DIY Entrant Konnected Converts Existing Alarm Panels Into Smart Home Systems
The startup Konnected Alarm Panel is billed as the first-of-its kind solution to convert a wired alarm system for app-based smart home controls.
ALAMEDA, Calif. — Does it feel like the DIY smart home market is becoming something of a hornet’s nest with new entrants joining the fray on a near daily basis? This week comes word of a San Francisco software engineer who tinkered with his home’s hardwired alarm and … voila! … converted it into an app-based system.
Nate Clark got entrepreneurial about his home automation invention — coined, The Konnected Alarm Panel — and went on to sell more than 500 DIY kits with “zero marketing,” according to a press release. He recently launched a Kickstarter campaign for the project and met his goal of raising $25,000 in the first two hours — “the first step in his quest to bring smart home security to the some 20 million American households, and millions more around the world, that are pre-wired for alarm systems,” the press release vows.
As of Friday (Nov. 17), the crowdfunding campaign eclipsed $70,000 with pledges from more than 775 backers.
Here’s a description of how the Konnected system works: the panel “seamlessly connects” a home’s existing wired alarm system sensors and siren to Samsung’s SmartThings Hub via a wireless connection. SmartThings users can then use the built-in Smart Home Monitor app and other SmartThings apps to monitor and automate their home, sans monthly fees or subscriptions.
The open source panel is said to replace any brand of wired alarm system panel and works with hundreds of brands and models of wired alarm system sensors, including door and window sensors, motion sensors, glass-break sensors, flood/leak detectors, smoke/heat detectors and carbon monoxide (CO) detectors.
Those who buy in via Kickstarter — pledging $59-$129, depending on the size of their residence — receive the device and step-by-step instructions to install it into their alarm system wiring and connect it to their smart home hub. The initial version requires users to have a SmartThings Hub, but support for other hubs such as Wink and HomeAssistant are “expected to be available soon,” the press release states.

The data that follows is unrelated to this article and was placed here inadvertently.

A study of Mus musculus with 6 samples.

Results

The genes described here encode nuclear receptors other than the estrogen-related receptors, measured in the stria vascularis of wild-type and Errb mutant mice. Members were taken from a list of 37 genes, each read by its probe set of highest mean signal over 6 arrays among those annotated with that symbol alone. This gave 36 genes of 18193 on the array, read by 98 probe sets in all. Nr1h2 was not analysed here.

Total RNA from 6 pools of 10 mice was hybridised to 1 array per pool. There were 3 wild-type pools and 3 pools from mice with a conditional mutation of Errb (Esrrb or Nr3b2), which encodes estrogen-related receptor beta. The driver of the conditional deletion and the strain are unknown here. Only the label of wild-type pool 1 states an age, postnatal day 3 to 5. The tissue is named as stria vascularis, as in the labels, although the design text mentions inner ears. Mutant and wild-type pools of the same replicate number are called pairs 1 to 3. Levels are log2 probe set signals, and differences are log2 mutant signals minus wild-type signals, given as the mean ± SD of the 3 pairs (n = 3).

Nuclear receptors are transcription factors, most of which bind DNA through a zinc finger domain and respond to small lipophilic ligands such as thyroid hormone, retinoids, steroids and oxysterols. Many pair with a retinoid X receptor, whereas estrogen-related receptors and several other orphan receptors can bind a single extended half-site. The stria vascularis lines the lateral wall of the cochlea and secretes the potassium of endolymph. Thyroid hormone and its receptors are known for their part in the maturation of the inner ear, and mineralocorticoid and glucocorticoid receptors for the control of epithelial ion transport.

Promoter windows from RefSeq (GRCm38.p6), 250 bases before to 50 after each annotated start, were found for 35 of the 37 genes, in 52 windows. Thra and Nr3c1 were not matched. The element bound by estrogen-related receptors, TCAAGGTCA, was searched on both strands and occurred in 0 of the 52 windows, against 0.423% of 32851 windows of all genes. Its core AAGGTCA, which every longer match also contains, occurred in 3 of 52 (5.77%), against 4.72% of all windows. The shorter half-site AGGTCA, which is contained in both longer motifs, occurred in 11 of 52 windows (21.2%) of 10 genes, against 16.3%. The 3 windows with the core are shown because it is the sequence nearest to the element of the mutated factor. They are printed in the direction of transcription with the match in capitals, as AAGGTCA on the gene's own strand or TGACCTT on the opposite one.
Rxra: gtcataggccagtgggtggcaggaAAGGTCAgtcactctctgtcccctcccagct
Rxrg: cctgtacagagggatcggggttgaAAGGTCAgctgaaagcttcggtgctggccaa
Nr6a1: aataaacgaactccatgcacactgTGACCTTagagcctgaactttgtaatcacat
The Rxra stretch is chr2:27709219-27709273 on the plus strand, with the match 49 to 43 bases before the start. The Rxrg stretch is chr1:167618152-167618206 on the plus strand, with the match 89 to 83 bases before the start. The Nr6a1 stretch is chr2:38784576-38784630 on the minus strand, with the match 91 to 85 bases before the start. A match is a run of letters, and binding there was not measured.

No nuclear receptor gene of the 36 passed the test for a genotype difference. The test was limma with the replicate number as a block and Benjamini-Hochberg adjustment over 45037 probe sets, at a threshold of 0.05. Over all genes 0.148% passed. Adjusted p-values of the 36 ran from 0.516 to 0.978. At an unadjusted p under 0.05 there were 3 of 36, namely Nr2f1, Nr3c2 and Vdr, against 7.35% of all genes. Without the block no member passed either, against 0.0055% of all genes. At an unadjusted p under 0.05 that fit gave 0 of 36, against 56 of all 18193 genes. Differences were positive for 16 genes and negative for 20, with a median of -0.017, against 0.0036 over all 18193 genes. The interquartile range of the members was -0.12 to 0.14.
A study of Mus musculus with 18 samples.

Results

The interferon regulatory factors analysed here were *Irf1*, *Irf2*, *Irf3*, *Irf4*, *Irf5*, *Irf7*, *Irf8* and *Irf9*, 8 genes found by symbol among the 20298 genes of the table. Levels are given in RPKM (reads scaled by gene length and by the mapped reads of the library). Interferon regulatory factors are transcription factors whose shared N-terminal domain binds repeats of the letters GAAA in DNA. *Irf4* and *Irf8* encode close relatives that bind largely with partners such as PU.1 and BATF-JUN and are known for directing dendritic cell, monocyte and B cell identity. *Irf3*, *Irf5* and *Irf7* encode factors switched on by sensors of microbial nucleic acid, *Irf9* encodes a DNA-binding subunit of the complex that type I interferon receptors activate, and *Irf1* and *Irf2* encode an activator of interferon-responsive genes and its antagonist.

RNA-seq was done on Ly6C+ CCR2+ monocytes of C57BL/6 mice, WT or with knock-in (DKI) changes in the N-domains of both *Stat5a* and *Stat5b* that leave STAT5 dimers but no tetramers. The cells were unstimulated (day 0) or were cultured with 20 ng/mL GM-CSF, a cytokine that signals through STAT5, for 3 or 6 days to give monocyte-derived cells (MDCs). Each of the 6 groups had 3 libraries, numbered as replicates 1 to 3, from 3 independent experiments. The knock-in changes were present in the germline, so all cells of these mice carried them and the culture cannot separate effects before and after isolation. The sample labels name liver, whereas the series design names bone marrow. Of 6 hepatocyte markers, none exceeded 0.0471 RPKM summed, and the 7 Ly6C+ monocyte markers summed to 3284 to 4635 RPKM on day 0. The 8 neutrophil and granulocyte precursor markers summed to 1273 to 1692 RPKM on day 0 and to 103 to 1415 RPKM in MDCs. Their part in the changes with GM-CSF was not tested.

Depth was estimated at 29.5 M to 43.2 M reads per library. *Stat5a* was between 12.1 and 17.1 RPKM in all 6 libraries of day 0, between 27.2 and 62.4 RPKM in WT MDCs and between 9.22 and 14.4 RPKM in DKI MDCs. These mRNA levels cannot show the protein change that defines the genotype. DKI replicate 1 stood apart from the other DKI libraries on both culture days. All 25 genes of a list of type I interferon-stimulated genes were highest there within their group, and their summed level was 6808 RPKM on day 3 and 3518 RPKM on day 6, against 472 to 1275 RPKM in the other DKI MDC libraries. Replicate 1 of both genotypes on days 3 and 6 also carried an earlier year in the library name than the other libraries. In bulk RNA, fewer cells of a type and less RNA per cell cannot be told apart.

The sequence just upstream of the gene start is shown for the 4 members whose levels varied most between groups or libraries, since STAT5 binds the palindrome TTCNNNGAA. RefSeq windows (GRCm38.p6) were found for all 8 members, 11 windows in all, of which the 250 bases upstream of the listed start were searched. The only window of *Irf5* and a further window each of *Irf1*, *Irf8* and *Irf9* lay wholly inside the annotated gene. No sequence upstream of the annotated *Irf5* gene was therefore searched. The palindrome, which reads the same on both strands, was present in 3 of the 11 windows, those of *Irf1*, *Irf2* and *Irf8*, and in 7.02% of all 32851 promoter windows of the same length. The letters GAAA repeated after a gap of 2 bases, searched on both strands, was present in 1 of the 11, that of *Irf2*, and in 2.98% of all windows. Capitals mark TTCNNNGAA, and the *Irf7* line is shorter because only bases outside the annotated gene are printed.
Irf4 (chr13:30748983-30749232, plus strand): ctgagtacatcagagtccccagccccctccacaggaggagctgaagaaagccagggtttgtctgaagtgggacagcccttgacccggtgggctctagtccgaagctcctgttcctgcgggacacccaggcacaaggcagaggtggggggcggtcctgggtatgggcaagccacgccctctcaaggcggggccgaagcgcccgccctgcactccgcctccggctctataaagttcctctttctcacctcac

While this can be a straight-up DIY play, consumers can opt for professional monitoring by Scout Alarm, which is offered to SmartThings customers via the Smart Home Monitor app. The system is available in configurations of six-, 12-, 18- and 24-zone setups, and is expected to ship in January 2018.
Here is more of the backstory from the press release:
Clark, until recently an engineering director at a successful San Francisco startup, created a beta version of the Konnected Alarm Panel in early 2017 after a rash of burglaries hit his neighborhood. He figured it was time to put his rental home’s old-school wired alarm system into action and went in search of a product that would enable him to adapt it to the cloud so he could monitor it easily and remotely with his smartphone.
To his surprise, Nate discovered no such product existed. So he went to work. A big fan of open source, he shared instructions for making the DIY system he came up with on GitHub and in smart home community forums, where enthusiastic forum members tried it out, gave rave reviews and valuable feedback, and encouraged him to sell it as a pre-packaged kit. He threw together a website and within two months had shipped kits to more than 500 customers around the world.
“I’m not surprised there’s an appetite for an affordable and painless way to convert a wired alarm system to the cloud, but I’m floored that no one had come up with a solution before,” Clark states in the announcement. “There are millions of inactive traditional alarm systems out there, and millions more being used by people who would prefer an app-based system if given an affordable choice.”
The possibility for disruption to professionally installed and monitored alarms would seem obvious, but to what degree? Curious, we reached out to SSI “Legal Briefing” columnist Ken Kirschenbaum to inquire about potential liability issues taking over legacy systems, as well as legal ramifications associated with the original system providers.
Following is Kirschenbaum’s take:
“It’s an interesting concern because the company is encouraging the subscriber to replace the existing panel by DIY. That process is going to be well beyond the capability of all but the most mechanical subscribers. Also the ‘outdated’ devices are not being replaced, only the panel.
“Seems to me that this product is going to cause lots of confusion and probably result in many alarm systems being disabled. It probably will create some service work for [professional installers]. Subscribers under monitoring contacts will also find that they are in breach if they stop paying the monthly charge.”
After SSI brought the product to the attention of Kirschenbaum, he in turn reached out to alarm industry veteran Wayne M. Wahrsager to get his thoughts on it and the likelihood for disruption. Wahrsager replied:
“This is nothing more than a substitute alarm panel. I don’t think this will catch on as it requires the end user to remove the old panel and move the wiring over to the new panel properly, which is way beyond the ability of the average end user. Also it does not take into account the various end of line resistors that are located out in the field of the job site, nor does it address the requirements to deliver power to devices, such as motion detectors, audio sensors, shock sensors etc. It’s a good attempt but won’t catch on.”
Let us know your thoughts in the comments section below.